I wrote a Christmas newsletter back in November and mailed it out with personally designed Christmas cards. In the letter I stated that I would write a post here about the card art by the middle of this month. You might notice that it is now very much the end of this month (not to mention the year). I can only hope that either nobody was very much interested in the card art (although I guess I don’t really hope that, to be honest), or that everyone was just as busy this month as I was and forgot to head over here and check. Anyway, better late than never, as I frequently say. (I frequently say it because there’s a pun on my surname in there.)
This fall in the OSFGroup we tried out what turned out to be a not-very-well-planned or administered study on the book of Isaiah. (Isaiah is what I call a “chewy” book, and as I had originally planned not to have a fall OSFGroup and then changed my mind at the last minute, we probably should’ve gone with something simpler, but…we didn’t. I’ve done my homework for the Glory study coming up on New Year’s Day, however. Just in case you were worried.) The first half of Isaiah is particularly challenging, as God does a whole lot of ranting there. Although there are prophecies of hope in that first half, too, there’s also a whole lot of war and smiting, and it was a pretty rough slog for most of the autumn. But Isaiah turns a corner in chapter 40, which blows in like a cool breeze during a hot summer, or (since it’s currently beyond frigid here in New England) is like coming into a warm kitchen out of the cold.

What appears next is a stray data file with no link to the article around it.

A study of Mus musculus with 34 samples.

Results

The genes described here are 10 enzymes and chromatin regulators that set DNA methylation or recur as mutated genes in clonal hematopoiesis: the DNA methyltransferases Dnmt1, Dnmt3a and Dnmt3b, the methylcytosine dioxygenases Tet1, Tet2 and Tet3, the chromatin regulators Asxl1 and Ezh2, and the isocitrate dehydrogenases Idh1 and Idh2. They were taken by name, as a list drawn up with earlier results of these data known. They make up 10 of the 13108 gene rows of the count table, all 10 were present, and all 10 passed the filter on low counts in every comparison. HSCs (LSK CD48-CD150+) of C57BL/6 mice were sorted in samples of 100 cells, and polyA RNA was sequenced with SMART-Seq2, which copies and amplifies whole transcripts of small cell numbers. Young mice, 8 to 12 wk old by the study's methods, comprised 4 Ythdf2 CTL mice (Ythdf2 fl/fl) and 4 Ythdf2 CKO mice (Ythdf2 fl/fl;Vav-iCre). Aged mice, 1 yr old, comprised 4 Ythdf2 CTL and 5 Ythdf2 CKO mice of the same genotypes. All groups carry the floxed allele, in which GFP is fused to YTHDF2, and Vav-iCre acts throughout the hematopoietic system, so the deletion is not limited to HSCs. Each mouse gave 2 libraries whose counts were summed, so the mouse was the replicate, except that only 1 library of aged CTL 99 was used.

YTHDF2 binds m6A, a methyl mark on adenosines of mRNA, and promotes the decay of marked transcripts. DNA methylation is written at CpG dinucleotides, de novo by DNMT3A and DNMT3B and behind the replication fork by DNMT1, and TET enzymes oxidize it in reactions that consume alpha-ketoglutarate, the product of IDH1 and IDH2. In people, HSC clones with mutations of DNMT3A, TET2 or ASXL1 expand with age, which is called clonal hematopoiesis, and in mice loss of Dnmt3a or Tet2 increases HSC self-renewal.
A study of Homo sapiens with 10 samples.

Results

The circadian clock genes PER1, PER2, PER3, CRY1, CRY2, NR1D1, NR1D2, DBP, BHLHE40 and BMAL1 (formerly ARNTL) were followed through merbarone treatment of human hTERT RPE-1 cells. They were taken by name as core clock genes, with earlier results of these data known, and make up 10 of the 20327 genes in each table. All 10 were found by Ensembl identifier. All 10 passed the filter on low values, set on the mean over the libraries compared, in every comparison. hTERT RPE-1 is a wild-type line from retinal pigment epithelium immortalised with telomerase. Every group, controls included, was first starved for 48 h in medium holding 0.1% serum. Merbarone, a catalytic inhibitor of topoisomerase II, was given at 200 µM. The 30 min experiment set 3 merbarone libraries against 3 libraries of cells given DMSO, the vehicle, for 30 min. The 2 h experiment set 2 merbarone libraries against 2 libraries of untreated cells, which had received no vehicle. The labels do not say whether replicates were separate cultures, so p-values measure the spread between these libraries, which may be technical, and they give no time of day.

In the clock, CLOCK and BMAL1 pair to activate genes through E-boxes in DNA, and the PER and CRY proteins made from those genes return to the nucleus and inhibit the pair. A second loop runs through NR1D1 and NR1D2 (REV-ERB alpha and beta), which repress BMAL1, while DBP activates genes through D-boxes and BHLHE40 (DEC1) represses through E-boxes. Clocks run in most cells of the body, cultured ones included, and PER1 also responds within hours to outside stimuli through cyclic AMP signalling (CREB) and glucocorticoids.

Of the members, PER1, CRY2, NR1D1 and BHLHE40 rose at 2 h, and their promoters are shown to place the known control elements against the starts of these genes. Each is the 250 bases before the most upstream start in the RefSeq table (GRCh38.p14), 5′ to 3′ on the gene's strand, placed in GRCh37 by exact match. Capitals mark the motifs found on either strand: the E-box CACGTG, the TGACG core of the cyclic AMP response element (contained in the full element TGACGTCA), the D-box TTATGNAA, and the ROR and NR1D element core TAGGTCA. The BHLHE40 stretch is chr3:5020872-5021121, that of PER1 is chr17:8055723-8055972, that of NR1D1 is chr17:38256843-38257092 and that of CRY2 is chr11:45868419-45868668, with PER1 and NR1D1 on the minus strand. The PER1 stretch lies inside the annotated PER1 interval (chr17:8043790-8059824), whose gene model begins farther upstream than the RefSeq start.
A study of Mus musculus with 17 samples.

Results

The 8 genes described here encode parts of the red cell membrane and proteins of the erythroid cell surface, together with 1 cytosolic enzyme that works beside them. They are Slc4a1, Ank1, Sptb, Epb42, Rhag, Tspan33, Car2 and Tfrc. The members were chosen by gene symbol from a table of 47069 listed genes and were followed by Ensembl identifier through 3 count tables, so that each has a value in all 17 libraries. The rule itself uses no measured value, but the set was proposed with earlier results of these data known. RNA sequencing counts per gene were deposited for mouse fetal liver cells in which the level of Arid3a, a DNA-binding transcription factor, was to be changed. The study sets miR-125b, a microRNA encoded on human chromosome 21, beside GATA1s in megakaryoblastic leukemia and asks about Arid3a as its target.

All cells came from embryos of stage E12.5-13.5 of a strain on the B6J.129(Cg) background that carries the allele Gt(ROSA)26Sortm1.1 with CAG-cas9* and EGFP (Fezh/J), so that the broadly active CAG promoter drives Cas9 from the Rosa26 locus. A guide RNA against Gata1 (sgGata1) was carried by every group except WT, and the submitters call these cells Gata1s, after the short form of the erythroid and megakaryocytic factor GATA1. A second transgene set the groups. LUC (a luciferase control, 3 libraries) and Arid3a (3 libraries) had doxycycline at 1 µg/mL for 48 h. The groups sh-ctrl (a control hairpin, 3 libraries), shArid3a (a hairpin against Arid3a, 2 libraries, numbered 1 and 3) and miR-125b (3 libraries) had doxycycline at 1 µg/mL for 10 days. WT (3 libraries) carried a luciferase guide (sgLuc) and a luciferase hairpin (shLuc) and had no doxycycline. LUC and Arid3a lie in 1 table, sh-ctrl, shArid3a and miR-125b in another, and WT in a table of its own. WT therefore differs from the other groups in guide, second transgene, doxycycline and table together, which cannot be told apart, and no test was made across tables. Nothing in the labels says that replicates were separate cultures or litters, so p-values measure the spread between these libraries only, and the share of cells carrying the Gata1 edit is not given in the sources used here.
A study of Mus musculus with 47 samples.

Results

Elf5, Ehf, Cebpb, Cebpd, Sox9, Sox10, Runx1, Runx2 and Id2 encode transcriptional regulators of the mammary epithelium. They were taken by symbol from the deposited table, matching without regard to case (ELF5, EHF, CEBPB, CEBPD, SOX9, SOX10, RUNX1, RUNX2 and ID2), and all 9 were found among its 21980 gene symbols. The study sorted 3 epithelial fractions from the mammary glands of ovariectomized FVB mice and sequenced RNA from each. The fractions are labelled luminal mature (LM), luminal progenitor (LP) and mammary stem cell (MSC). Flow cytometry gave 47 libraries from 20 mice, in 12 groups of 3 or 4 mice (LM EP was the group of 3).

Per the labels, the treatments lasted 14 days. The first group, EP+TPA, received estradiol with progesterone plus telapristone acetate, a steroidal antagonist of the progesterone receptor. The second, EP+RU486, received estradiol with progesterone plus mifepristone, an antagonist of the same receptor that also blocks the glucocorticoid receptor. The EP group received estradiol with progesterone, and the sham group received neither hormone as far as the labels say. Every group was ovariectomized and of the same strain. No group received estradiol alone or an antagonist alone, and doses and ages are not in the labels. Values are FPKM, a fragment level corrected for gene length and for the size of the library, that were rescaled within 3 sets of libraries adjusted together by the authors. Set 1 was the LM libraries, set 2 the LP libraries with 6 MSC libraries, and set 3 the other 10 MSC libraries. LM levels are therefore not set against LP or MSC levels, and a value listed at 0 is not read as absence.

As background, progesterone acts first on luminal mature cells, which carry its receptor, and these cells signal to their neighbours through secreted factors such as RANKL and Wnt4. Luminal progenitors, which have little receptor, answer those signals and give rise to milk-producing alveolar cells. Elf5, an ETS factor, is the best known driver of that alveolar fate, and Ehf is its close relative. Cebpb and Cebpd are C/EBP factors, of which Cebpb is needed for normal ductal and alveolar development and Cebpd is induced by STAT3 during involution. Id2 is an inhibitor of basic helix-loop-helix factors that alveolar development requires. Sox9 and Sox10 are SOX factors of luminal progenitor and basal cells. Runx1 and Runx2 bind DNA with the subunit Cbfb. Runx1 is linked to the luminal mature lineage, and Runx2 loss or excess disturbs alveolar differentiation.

Shortly before we encountered that chapter as a group, I was going through an old disintegrating Lutheran hymnal of my maternal grandmother’s, looking for Christmas card ideas, and found an Advent hymn based on Isaiah 40. I think I have heard this hymn before, but I wasn’t quite as familiar with it as I am with, say, “O Come, O Come, Emmanuel.” I recognized Isaiah 40 as the inspiration right away, but the arrangement of the words, as well as the tune itself did something gently forceful to my heart, and I knew that this was the hymn that needs to color our hope for the return of Jesus and for the coming new year.
I suppose most people on either side of whatever aisle anyone happens to feel somewhat invested in, have felt a little roughed up by this year that is closing out. I’d like to hope the coming year will bring an end to that, but I guess I’m not personally convinced most of us have reached the individual or societal transformation that we need to have, for the current conflicts to be over. (I’m also not very good at pretending to think so, I’m afraid.)
I do, however, believe that God’s joining us in the turmoil of the world, through His Son Jesus Christ, is not only a source of comfort now when the turmoil is still happening, but also a foreshadowing of a final fulfillment of this comfort and a true end to our internal and external warfare. I also believe that those of us who identify ourselves with Him through Jesus’ sacrifice (humanity’s violence against God) are called to do what the song says: speak comfort and bring comfort to those around us who are feeling the brunt of the warfare. (Sometimes that’s ourselves. Sometimes, though, it’s the “other.”)
I have other things to say sometime in the new year about the scribble-painting I did over the hymn itself. I imagine some have questions, like, “You call that art?” or “Why are the people red and blue?” “Is this some kind of political statement?” (Short answer to that last one: no.) For now, though, close your eyes and listen. Take heart. Comfort, y’all.